South Africa’s wealth inequality tops global rankings. Millions of children are born into poverty and cannot break the cycle due to a lack of opportunities. But one non-profit school has answers: using a ‘whole child’ approach to education, Christel House South Africa is unlocking the potential of some of the country’s most disadvantaged young people.




Though rich in talent and natural beauty, South Africa has the unfortunate distinction of being the most unequal country in the world: the nation’s richest 10% owns 90% of all its wealth. Efforts to build a diverse, broad-based middle class appear at an impasse. This situation hurts everyone – arguably even the top 3 million earners who pay 97% of all personal income tax. But it especially harms the most vulnerable: South African children born into poverty, most of them black.

Poverty begets poverty
About 13 million children in South Africa live in poverty, out of a total national population of under 60 million. These children frequently suffer from malnutrition, disease, and various forms of trauma. All too often, it becomes a life sentence. 

Lack of stable educational and career opportunities is one of the biggest drivers of such persistent poverty. Barely half of South Africa’s students finishes grade 12, and youth unemployment stands at 53%. Young people’s ingenuity and passion to learn are lost, condemning them to lives at society’s bottom. And the country is deprived of untold human potential: creativity, diversity, innovation – not to mention interpersonal connections and a sense of wider solidarity.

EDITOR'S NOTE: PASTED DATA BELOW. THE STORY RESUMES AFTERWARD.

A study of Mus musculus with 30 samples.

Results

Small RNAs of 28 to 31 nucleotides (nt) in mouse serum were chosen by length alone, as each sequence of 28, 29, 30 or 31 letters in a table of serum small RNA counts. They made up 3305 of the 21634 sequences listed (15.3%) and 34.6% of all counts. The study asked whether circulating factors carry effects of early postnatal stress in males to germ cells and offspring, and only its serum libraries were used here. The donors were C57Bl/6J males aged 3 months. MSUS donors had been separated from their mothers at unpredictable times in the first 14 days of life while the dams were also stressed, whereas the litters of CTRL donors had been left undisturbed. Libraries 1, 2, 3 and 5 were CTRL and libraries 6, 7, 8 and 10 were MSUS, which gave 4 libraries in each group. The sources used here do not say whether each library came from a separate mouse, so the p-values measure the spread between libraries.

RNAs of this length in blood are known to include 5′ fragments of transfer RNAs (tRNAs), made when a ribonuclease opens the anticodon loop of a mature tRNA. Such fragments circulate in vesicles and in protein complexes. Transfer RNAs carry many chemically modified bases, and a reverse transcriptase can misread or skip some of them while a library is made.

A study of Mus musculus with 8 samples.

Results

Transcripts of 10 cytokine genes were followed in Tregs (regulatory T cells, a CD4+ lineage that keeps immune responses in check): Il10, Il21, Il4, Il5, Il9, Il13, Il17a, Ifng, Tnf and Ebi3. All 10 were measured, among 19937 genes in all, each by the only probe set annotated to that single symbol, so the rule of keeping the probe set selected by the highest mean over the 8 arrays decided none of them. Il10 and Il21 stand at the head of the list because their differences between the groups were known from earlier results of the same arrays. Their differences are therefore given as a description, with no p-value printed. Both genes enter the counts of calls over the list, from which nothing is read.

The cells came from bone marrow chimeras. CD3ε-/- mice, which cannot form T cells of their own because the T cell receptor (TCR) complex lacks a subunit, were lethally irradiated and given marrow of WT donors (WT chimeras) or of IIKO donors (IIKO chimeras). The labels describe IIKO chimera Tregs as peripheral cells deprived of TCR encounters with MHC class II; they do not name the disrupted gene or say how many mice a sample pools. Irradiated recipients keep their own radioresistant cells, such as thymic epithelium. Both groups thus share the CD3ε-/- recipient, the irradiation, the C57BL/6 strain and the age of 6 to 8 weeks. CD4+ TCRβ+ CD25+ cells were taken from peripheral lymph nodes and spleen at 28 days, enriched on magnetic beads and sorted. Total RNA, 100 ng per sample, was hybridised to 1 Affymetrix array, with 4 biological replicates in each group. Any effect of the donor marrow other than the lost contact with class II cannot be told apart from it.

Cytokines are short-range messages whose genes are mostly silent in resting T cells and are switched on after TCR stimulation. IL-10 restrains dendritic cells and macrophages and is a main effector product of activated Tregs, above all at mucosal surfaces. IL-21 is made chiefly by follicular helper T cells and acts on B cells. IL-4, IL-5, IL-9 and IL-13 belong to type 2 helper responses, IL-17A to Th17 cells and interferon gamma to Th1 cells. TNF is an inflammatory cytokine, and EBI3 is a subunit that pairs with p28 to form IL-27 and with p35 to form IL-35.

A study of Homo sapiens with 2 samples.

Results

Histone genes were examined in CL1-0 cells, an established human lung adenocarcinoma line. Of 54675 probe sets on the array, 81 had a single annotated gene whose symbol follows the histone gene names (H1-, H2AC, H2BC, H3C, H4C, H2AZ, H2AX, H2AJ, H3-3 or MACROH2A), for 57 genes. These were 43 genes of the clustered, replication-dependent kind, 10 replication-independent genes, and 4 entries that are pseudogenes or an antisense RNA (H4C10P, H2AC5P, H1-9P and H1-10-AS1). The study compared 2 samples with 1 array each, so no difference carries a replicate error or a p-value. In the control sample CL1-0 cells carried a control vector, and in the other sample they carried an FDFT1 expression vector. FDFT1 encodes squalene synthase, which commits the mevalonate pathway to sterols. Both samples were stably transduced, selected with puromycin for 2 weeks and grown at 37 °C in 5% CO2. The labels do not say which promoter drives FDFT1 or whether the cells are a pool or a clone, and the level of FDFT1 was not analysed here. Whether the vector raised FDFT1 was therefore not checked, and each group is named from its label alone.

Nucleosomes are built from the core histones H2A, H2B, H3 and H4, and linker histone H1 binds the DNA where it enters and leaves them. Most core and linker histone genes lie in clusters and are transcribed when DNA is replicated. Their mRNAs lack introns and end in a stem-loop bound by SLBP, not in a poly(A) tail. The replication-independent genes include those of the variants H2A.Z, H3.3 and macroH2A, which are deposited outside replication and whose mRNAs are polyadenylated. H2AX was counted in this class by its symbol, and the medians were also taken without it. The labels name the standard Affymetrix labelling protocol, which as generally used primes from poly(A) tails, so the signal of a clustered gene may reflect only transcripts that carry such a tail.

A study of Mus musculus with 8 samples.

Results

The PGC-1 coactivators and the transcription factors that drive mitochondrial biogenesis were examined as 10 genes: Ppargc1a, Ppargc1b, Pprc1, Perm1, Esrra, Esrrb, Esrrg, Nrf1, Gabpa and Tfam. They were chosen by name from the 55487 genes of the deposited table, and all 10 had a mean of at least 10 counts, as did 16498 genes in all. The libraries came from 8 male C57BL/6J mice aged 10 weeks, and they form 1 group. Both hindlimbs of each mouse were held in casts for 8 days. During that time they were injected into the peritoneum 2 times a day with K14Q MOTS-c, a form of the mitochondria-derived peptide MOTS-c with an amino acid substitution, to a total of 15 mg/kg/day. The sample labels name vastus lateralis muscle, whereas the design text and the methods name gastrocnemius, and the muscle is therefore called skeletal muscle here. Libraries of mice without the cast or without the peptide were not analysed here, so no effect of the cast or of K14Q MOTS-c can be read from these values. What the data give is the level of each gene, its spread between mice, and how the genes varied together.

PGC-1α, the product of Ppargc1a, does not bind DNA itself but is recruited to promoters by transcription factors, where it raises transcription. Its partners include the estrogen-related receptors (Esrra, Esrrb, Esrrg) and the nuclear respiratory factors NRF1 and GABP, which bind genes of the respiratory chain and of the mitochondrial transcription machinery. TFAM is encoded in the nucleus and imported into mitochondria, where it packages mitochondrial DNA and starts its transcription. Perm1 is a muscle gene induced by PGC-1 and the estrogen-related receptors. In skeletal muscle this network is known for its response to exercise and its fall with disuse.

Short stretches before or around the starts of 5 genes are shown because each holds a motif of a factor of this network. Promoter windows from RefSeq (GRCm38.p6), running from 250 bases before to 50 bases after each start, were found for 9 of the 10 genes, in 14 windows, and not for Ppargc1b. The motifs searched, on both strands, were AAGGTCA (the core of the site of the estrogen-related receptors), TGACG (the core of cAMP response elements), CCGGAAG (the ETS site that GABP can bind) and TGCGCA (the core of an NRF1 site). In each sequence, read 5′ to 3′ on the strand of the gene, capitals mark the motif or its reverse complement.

A school with a mission
With the support of the Julius Baer Foundation and other funders, one special non-profit school is countering this vicious cycle: Christel House South Africa. Located in the city of Cape Town, the school provides top-quality education to more than 700 underprivileged kids ranging from grade ‘R’ to grade 12, and offers ongoing post-graduation support to over 200 recent alumni. Classes are kept small to ensure a high-quality learning environment. A focus on career goals and opportunities is maintained throughout.

Crucially, Christel House does not cater solely to children who show the most academic potential. Its main criterion for admission is not demonstration of talent, but rather evidence of need. Children aged just 5 years are recruited from the most marginalised communities of the ‘Cape Flats’ region. They are given 13 years of quality schooling, and 5 years of post-school career support.

The school adopts a ‘whole child’ approach to the young people it takes in. Besides educating them, it addresses the many other obstacles of poverty by providing them with meals, transportation, health care, help with issues of self-esteem and so on – aiding development of the total person from childhood to early adulthood.

Building bridges
One new school initiative, supported directly by the Julius Baer Foundation, strives to bring students together across the wealth divide. In the context of shared coursework, Christel House students will be encouraged to collaborate with more privileged peers at other elite schools in Cape Town. Besides learning with and from each other, the hope is that long-lasting relationships will be fostered among students on either side of the wealth spectrum.

Results that count
The success of the school is unmistakable. The attendance rate for grades R–12 is 97%. Mathematics and English test results from grades 3, 6 and 9 show that Christel House students outperform the schools they would have attended by 400%. Crucially, a total of 99% of students graduate, and 93% go on to tertiary education or are placed in their first job.

With its support of Christel House South Africa, the Julius Baer Foundation is supporting the school in enabling new groups of disadvantaged children to ‘dream big’ – and to make those dreams a reality. The Foundation also aims to inspire wealthy stakeholders to fund new, inclusive educational offerings that bring privileged and underprivileged students together. Among other things, these new collaborations should enable disadvantaged students greater access to top-notch teaching and education infrastructure, as well as cultivating student connections that bridge wealth gaps.

It is a long road ahead to solving South Africa’s inequality crisis, but Christel House is successfully nurturing young people who can lead the needed change.